In a survey of critical care nurses, UVA researchers found that fewer than 40% described themselves as “highly competent” in palliative care.

An icon of an elderly person's walker to signify scholarship in aging end-of-life and palliative care. An icon of a stethoscope to signify scholarship in compassionate care. An icon of an open book to signify scholarship in teaching and learning. University of Virginia alumnus Alex Wolf helped tend his 90-year-old grandmother at home during her final days. Although he was delivering it, he didn’t know the term “palliative care” at the time.

But in the intensive care unit where he worked as a nurse, he sensed the lack of that care profoundly. He often saw “exactly the opposite of what my grandmother had received: patients who were dying, and having very painful things done to them, and caregivers who felt powerless to help,” he said.

It became “a watershed moment that led me to palliative care,” said Wolf, who earned a Doctor of Nursing Practice degree from UVA in 2016. “I realized that to me, the times when I was practicing palliative care were my very proudest moments in nursing, because I was listening to and helping patients get what they wanted out of the life that they had.”

Palliative care – focused on enhancing the quality of life for those dealing with serious illnesses – has, in the last several years, evolved into an essential component of quality care. But a recent survey of more than 165 ICU nurses in Virginia found that fewer than 40% described themselves as “highly competent” in any domain of palliative care, according to new research from Wolf (now a palliative nurse practitioner at TriHealth in Cincinnati) and UVA School of Nursing faculty members Beth Epstein and Ken White.

Real and perceived gaps in palliative care competence is particularly vexing at a time when many of us are living longer, despite a cascade of complex chronic illnesses that often come with advanced age.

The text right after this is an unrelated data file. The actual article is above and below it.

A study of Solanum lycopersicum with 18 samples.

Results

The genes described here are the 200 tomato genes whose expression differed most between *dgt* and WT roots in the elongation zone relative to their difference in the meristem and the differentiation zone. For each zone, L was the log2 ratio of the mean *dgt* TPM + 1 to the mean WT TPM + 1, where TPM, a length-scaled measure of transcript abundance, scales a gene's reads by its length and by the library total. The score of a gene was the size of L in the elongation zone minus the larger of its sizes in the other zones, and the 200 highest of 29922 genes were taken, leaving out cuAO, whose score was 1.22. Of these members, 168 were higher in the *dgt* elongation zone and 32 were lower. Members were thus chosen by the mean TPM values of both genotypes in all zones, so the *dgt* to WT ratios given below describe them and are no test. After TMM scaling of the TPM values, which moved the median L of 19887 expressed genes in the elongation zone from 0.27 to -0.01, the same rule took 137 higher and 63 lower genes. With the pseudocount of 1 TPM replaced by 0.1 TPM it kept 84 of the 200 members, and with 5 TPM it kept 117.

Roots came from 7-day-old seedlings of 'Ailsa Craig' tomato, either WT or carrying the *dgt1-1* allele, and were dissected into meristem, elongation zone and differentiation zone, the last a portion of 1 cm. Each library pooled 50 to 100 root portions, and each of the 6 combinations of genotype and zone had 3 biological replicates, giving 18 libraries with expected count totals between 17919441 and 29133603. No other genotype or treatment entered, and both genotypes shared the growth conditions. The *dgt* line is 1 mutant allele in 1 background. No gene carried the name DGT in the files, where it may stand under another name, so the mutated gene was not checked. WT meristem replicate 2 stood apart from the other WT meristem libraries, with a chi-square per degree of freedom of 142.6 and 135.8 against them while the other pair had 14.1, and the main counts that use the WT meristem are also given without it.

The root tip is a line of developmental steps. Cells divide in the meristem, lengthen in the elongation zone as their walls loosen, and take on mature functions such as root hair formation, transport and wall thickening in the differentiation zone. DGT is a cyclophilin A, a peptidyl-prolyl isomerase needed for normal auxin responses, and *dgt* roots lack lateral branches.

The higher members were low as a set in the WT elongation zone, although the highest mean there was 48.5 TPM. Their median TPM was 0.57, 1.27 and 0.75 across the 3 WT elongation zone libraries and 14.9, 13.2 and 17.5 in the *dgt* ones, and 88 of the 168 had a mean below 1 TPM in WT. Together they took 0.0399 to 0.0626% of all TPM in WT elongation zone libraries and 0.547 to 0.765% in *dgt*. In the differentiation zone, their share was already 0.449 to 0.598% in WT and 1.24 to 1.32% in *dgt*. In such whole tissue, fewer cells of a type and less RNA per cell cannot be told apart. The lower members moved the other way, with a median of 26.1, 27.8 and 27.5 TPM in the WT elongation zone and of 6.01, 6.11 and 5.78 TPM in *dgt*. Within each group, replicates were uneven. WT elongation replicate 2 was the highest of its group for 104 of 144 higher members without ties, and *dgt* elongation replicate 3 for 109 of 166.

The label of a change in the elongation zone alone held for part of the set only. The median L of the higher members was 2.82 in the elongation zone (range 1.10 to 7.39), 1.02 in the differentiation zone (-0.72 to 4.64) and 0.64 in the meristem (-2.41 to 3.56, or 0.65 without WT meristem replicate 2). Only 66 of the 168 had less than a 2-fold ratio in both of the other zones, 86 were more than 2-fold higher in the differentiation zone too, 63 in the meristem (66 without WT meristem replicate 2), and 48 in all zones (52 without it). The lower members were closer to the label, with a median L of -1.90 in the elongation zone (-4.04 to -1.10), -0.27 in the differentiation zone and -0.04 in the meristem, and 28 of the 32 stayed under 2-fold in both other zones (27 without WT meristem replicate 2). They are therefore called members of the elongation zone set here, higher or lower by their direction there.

But the study also found that critical care nurses may be less likely to experience moral distress if they feel their patients’ palliative care needs are being met – which may, in turn, make them less likely to become burned out and to abandon the profession. The findings are published in the October edition of the journal Critical Care Nurse.

“Moral distress,” the authors explain, is “a phenomenon that occurs when an individual recognizes the morally correct action to take, but is prevented from taking it because of internal or external constraints.” It is a contributor to nurse burnout and turnover, which costs hospitals between $5.2 to $8.1 million each year due to nurse turnover. In their study, the authors found significant differences in moral distress levels based on how nurses perceived use of palliative care. Respondents who perceived less frequent use of palliative care services tended to report higher levels of moral distress.

Previous research has established that nurses who experience moral distress may seek to reduce their own suffering by avoiding ethically challenging situations, becoming emotionally numb, or leaving their position altogether. The authors also note that “without appropriate intervention to prevent … moral distress and improve critical-care nurses’ resilience, the consequences of moral distress may have far-reaching effects on nurse well-being as well as turnover and staffing, which threaten patient safety and cause needless waste of valuable human and financial resources.”

Nearly half of nurses surveyed in the UVA study reported they’d either left or had considered leaving a previous nursing job due to moral distress, while another 18% revealed that they were currently considering leaving their work due to moral distress. Their distress, they revealed, was driven mainly by unclear goals of care, the prolonging of their patients’ dying process, a lack of consensus regarding treatment, inadequate staffing, and the sense that the medical team was providing false hope to patients and families.

There are currently no palliative care curriculum requirements for undergraduate nursing students, though many institutions – including UVA – offer regular palliative care courses and workshops to both pre-licensure and graduate students. Nearly 96% of nurses the authors surveyed called such training “very” or “extremely” important, though just over one-third (38%) had had any such education in the past two years.

The authors say palliative care education needs to be more supported and widespread, and in-hospital consult services targeting moral distress can also help ease the burden. At UVA, a program developed by Epstein and Ann Hamric in 2017 found that 83% of those who accessed the moral distress consult service resolved key problems and made changes to their process and/or behavior.

The well-known lack of palliative care education among critical care nurses points to a need to increase access to palliative care continuing education and to assess education for new graduate nurses entering practice. The authors call for health system leaders and educators to prioritize palliative care education for critical care nurses and their interprofessional colleagues and empower them to reduce barriers to palliative care.